FORMER Prime Minister Gordon brown believes education holds the key to Fife's future success and greater investment in our schools and colleges is needed urgently.

The Press sat down with Mr Brown before the launch of his new book which documents the history of Fife and explores some of the challenges we now face as a community.

The book, 'Fife: A History from Earliest Times to the Present Day', has been co-authored by former head of Scottish Television Alistair Moffat and is the most up to date story of the Kingdom.

It covers the history of farming, linen, linoleum, mining and electronics right through to recent times with chapters on the burghs, health and social conditions, religion, sport and trade unions.

Mr Brown believes Fife has a great future ahead of it but it has got to face challenges affecting its immediate future.

"It’s got to deal with the fact it’s got so many people working in Edinburgh, it’s got to work out the next stage for the development of its industries and its economy," he said.

"Whether we need to have another university, for example, in Fife; these are things we have to think about.

"Biggest challenges: I think it’s jobs first of all because we lost the mining industry and the aircraft carrier to Rosyth Dockyard has a limited timeframe.

"We’ve got the possibility of development at the Longannet site but Fife will need lots of new industries in the future, lots of new businesses to create the jobs we need.

"The jobs are going to require particular skills. The education system has got to keep improving.

"Our primary schools are good but we’ve got to do more in our secondary schools. We perhaps need more investment in our colleges and even a university. Education is the future in Fife."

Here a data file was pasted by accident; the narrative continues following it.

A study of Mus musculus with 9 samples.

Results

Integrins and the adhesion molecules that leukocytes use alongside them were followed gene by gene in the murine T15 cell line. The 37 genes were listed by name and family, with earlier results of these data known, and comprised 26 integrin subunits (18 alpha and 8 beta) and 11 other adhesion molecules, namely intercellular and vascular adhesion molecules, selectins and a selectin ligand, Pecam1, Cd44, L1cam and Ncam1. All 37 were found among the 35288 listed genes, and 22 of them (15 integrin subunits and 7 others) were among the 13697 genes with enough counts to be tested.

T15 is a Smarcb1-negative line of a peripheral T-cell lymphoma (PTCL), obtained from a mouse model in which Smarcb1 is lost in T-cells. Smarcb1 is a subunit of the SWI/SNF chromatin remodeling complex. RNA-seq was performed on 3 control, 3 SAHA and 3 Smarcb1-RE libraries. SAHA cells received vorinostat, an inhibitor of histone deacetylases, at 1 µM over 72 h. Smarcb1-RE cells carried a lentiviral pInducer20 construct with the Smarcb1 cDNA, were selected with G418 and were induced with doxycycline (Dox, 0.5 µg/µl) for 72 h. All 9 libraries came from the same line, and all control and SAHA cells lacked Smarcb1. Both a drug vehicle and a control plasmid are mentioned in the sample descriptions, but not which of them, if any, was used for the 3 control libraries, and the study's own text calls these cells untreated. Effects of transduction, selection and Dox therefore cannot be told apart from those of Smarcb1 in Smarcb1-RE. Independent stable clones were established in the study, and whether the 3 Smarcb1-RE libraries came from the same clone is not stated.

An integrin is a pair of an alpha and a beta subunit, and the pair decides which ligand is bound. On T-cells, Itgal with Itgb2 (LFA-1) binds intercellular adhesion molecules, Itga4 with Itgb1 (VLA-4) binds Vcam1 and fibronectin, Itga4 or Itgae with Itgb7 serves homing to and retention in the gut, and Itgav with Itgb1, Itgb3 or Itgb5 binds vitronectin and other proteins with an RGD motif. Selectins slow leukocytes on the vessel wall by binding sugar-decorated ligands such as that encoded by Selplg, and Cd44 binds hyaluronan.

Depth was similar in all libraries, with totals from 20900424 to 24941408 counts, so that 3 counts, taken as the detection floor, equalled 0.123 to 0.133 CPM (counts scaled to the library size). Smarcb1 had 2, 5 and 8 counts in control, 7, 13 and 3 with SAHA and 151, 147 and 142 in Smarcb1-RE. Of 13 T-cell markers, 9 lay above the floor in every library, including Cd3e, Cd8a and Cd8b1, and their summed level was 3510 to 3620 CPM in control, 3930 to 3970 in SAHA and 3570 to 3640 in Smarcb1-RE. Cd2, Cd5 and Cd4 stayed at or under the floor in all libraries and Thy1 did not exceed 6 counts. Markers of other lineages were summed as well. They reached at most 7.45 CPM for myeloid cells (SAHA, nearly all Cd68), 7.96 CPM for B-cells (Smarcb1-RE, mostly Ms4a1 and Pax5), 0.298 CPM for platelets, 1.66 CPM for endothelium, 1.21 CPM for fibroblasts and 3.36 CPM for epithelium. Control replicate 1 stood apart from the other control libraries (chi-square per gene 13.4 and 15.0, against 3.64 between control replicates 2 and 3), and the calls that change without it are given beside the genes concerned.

A copy of the book will be given to every school and every library in the county. Beyond that, all proceeds from any book sales will go to local charities.

Mr Brown was inspired to write the volume by the desire for more local history in the Scottish schools curriculum.

After speaking to groups of pupils several years ago, he recalled: "I realised while I was doing these speeches we didn’t have enough local history in one place so that a pupil or a teacher or a family could find out about the history of Fife in one book: an overall account of what has happened over the centuries in the county that they now live in

"And if they had such a book they could then think, 'Well how does my family history link into the history of Fife and what does it mean for our family?'.

"To have a one-volume history of Fife in one place I think is essential for students and pupils who are studying at school."

The new book walks you through the making of Fife and focuses on parts of its history that are still shaping it today and what kind of society is being created today.

There were many things that Mr Brown said he didn't know about Fife when he started the project and some of the most interesting parts included realising that Fife had an incredible 30,000 coal miners; while working patterns show that more people now work in Edinburgh than in any one industry in Fife.

Of course one of Mr Brown's favourite things about Fife is its football! He remarked on the great tradition of junior football teams in the area and teams like Kelty Hearts that are making their mark.

Other notable achievements he pointed to included our formidable galleries, the work of our charities and our reputation as having a great community spirit.

He added: "Wherever I go in Britain or the world I am very proud to say, 'I’m from Fife and talk about these achievements, which have made a huge impact on the world."

The book has been compiled with the help of a number of local historians – including Chris Sparling and John Hunter – and with support from former Carnegie Trust UK chair Angus Hogg and former Fife director of planning Bill Taylor.